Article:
By Alex Zank
A chief responsibility for the U.S. Supreme Court police is the protection of justices, staff and visitors at the high court--inside the building itself and on the grounds.
But what about when justices step away from 1 First Street N.E.?
Federal law gives Supreme Court police the authority to work in any state to protect justices and staff—but that power expires December 29, 2013. In fact, the Supreme Court police don’t have permanent authority to serve and protect in any state.
Every so often, then, Congress takes up a measure to extend the authority of the Supreme Court police to work away from the high court grounds. A bill introduced in the House Judiciary Committee on Wednesday would grant that authority to the high court police force until the end of 2019.
Representative Mel Watt (D-N.C.) referred to the bill as “common sense legislation” during a hearing Wednesday. Other members of the committee shared similar sentiments before the committee, on a voice vote, passed the bill.
Every now and then, the safety and security of justices—away from the high court—pops up in the headlines.
In 2009, the BLT reported on a process server who walked up to Chief Justice John Roberts Jr.’s front door to serve him papers. Then, of course, there was the time last year when Justice Stephen Breyer was robbed at knife-point while vacationing in the Caribbean. (Breyer was a victim of burglary only a couple of months later at his home in Georgetown.)
Justice David Souter was mugged while jogging at night in D.C. in 2004, and Justice Ruth Bader Ginsburg had her purse snatched in 1996, also in D.C.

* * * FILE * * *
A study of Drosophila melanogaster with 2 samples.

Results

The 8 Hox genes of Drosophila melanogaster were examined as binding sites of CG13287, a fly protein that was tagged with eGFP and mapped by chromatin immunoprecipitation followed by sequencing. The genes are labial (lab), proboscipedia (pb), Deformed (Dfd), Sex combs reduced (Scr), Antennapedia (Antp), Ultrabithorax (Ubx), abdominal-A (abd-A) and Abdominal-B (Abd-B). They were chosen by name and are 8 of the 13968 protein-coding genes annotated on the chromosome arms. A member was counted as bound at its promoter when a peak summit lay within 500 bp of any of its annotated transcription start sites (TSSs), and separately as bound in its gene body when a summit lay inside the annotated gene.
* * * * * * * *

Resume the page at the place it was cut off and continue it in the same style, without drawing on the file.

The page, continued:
The Supreme Court police authority to protect staff and justices has been extended seven times. A question arose at Wednesday’s hearing about why the authority hasn’t yet been made permanent. In other words, why all these extensions?
House Judiciary Chairman Bob Goodlatte (R-Va.) said making the Supreme Court police’s authority permanent had been tried once. In 2000, the House Judiciary Committee approved a bill that would have made the authority permanent. The Senate, however, extended the authority only until 2004.
Watt said he’d support making it permanent. And Representative George Holding (R-N.C.), who sponsored the latest bill, said in an interview he would also support permanent extension.
“Having to keep renewing this, it’s just not good government,” Holding said.
Not every Judiciary Committee member, however, expressed support for making the authority permanent. Representative Spencer Bachus (R-Ala.) said he doesn’t support a bill granting the Supreme Court police permanent authority to protect justices and officials away from the high court’s grounds.
Barring resistance in the full House or Senate, it looks like the guardians of the Constitution will still have their guardians. For at least another six years.
Contact Alex Zank at email@example.com.